By Sylvia Foley, AJN senior editor
At a suburban hospital in Indiana, clinicians noticed that the incidence of secondary upper-extremity deep vein thrombosis (DVT) at their facility seemed to be on the rise. As Lancaster and colleagues report in the May Emergency, this was alarming: upper-extremity DVT, once thought benign, is now known to be potentially dangerous, leading to complications such as symptomatic or asymptomatic pulmonary embolism, chronic venous insufficiency, and postthrombotic syndrome. Secondary upper-extremity DVT, which accounts for a majority of cases, can be linked to an identifiable risk factor. Patients may present with pain, swelling, and bruising in the area of the thrombosis—but many patients show no symptoms. So it’s essential that nurses know which patients are at risk and how to minimize that risk.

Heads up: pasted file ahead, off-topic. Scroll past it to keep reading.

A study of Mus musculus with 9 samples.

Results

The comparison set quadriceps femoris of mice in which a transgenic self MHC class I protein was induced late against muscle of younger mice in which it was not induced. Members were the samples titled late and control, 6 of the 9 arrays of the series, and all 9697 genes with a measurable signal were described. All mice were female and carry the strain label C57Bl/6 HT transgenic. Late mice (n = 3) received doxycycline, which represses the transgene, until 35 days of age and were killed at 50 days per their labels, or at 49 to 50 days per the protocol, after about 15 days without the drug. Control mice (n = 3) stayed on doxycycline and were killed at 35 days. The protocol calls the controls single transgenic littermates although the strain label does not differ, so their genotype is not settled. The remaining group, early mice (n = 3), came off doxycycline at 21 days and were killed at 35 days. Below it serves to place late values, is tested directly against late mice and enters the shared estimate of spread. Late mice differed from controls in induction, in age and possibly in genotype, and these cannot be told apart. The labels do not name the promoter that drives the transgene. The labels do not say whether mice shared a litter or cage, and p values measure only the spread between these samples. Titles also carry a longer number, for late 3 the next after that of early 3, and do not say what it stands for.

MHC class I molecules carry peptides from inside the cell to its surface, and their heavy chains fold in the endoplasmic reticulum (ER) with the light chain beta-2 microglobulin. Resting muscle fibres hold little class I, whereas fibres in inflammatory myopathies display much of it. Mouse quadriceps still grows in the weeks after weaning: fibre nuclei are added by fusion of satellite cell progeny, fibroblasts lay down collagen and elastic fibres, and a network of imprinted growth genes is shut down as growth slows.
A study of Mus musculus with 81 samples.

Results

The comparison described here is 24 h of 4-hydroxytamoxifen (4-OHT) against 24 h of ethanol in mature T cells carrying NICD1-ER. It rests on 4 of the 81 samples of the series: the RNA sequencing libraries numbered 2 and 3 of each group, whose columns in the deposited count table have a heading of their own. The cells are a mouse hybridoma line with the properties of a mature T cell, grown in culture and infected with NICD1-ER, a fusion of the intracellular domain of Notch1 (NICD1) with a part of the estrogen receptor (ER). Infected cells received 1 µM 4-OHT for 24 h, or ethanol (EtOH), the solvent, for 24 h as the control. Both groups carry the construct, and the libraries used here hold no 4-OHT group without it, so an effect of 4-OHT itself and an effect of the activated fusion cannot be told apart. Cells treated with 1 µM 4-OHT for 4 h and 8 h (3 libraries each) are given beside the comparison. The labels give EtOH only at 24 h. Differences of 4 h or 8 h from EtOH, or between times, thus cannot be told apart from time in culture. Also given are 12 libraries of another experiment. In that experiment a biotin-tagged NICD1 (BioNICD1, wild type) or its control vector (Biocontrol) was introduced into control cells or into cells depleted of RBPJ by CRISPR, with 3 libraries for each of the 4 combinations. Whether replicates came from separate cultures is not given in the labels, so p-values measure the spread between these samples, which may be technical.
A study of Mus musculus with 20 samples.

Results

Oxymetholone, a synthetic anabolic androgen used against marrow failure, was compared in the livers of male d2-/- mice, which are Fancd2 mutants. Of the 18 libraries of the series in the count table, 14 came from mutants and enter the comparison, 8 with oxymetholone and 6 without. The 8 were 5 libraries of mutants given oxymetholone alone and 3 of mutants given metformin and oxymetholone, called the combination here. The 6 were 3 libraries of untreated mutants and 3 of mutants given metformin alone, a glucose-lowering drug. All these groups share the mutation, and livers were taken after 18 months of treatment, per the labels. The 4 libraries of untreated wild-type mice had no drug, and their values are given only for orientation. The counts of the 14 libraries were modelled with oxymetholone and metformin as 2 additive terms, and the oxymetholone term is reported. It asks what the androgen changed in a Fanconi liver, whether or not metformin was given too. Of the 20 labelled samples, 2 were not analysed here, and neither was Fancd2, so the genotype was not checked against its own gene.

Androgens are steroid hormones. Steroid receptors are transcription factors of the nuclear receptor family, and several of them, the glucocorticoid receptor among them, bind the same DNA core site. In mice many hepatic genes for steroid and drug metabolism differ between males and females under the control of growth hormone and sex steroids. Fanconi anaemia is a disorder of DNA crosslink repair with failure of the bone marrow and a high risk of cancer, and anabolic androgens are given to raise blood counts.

The Indiana clinicians reviewed the literature to deepen their understanding. They also tracked all patients who underwent ultrasonography at their facility and conducted retrospective chart reviews, gathering data for a full year. Several new risk factors were identified, including
- the use of the large veins at the antecubital fossa for peripheral IV access;
- the use of harsh medications administered via peripheral IV; and
- certain peripherally-inserted central catheter (PICC) flushing and care practices.
What they learned prompted several changes to nursing care, and the incidence of secondary upper-extremity DVT at this facility has since declined. To learn more about this quality improvement project and the changes that were implemented, read the article. And if you’ve cared for patients with this serious and increasingly common condition, please share your experience with us in the comments.